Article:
This week I’ve been responding to seven scenarios from my book Every Woman’s Guide to Managing Your Anger. These are situations in which I have both seen and experienced anger. Below are my responses to the last two of the seven scenarios, including my immediate reaction AND my reactions after deeper reflection.

Would you react the same way?


You’re driving down the freeway on your way to work when a car three lanes to your left suddenly diagonals right in front of your car, scooting over to catch a rapidly approaching exit.

Is it appropriate for you to be angry?

My Immediate Response

I would certainly be irritated if a car suddenly zoomed right in front of me in order to make an exit off the freeway, but I wouldn’t be angry, just startled.

My Reaction After Deeper Reflection

I said I wasn’t angry but irritated and startled. Once I got over being startled, the irritation really began to sink in. What a jerk! That car could have clipped mine and caused an accident! What if I hadn’t been paying attention? The more I think about it, the more irritated I become. Of course, irritation is just another word for being angry. I know it’s futile to be angry at a stranger I’ll never see again, over something that didn’t last more than five seconds total, with no real harm done. I know that intellectually, but it’s hard not to be mad in the moment and allow that moment to linger far longer than it should.


You’re asked to help out at a function at church. You agree to stay late and help clean up. The event is supposed to be over by 9:00 p.m., but it gets started late and doesn’t get over until almost 9:40 p.m. You were told there would be at least six people to help with the cleanup, but you find when everyone clears out it’s only you and two other people, neither of whom is the person who asked you to help. Instead of taking twenty minutes to clean up, it takes the three of you almost an hour. You’re now getting home at almost 11:00 at night and have to get up early the next morning.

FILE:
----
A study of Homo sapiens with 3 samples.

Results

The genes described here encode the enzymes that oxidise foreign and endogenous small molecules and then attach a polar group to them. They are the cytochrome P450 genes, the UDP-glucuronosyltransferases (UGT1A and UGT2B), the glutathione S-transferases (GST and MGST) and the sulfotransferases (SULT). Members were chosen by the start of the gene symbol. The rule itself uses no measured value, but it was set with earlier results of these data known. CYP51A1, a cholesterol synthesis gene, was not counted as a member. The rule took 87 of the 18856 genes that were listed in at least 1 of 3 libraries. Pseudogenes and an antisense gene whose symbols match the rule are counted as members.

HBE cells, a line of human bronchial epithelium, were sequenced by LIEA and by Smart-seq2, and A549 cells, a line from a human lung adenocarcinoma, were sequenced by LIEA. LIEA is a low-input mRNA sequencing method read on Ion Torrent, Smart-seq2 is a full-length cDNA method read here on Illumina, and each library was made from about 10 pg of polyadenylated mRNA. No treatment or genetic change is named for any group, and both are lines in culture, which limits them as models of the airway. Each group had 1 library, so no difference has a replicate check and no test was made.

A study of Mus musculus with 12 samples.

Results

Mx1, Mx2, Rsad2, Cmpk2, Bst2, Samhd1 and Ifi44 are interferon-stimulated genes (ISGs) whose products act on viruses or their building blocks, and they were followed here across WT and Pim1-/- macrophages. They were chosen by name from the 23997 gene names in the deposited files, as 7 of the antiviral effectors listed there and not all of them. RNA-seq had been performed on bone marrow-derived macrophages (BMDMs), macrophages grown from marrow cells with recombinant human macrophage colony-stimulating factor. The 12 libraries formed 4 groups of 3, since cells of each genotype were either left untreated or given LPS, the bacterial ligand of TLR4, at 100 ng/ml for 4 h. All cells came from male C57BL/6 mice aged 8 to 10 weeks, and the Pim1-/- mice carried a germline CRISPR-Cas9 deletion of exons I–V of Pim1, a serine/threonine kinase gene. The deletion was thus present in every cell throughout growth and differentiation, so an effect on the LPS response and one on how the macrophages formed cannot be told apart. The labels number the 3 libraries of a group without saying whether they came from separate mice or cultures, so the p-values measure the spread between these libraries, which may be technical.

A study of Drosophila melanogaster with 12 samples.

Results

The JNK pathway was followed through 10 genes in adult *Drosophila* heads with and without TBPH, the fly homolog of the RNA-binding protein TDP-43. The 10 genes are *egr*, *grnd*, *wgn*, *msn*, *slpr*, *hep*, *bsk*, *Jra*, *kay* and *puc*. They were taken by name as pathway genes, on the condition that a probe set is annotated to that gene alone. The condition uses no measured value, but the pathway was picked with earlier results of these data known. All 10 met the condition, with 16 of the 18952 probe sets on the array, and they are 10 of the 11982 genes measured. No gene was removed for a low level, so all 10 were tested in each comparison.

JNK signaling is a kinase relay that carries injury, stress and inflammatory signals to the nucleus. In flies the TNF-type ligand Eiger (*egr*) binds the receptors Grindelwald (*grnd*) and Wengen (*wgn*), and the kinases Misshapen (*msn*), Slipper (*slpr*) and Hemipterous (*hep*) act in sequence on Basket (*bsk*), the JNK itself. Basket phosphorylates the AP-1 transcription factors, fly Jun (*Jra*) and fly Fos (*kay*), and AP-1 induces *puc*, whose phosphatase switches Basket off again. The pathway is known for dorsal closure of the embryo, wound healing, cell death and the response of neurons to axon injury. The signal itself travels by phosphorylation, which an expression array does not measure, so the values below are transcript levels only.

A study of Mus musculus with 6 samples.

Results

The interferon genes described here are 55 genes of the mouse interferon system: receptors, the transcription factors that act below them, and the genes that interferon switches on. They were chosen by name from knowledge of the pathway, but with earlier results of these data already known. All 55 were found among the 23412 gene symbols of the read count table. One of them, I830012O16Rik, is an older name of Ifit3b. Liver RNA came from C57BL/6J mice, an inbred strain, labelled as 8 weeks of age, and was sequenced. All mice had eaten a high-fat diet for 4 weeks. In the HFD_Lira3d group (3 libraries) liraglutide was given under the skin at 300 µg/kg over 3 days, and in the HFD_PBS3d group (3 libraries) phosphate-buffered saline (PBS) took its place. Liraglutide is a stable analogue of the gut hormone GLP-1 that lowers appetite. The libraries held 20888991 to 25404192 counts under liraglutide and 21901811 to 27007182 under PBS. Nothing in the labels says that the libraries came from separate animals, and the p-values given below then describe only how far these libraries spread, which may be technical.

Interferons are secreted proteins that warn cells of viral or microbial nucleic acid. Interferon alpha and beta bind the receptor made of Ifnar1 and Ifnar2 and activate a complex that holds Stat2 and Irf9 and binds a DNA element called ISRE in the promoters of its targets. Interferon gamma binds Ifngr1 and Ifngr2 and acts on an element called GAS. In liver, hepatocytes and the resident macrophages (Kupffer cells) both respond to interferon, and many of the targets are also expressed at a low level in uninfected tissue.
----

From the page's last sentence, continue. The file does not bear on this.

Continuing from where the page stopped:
Is it appropriate for you to be angry?

My Immediate Response

This situation probably occurs at churches at least once a month, if not more. It’s certainly aggravating if you’re on the receiving end of more work than anticipated and less help. I’d want to be angry but hopefully would talk myself out of it. Oh, and I’d sure think twice about saying yes the next time.

My Reaction After Deeper Reflection

These things just happen. Sure, they’re aggravating, but churches are essentially volunteer organizations and that’s just the way it goes. The person who asked me probably did think they had six people to help out but three of them decided at the last minute not to show or not to stay and help. What’s the point in being angry about it? I’ll just make sure that the next time that person asks me to help, I say no.

How would you react?

For each of the scenarios above, what is your 1) immediate reaction and 2) reaction after deeper reflection. If you’d like to share, please post your thoughts in the comments section. You may do the same for the other five scenarios here and here.

SOURCE: Chapter1: “The Role of Anger” in Every Woman’s Guide to Managing Your Anger by Gregory L. Jantz, PhD., founder of The Center for Counseling and Health Resources Inc.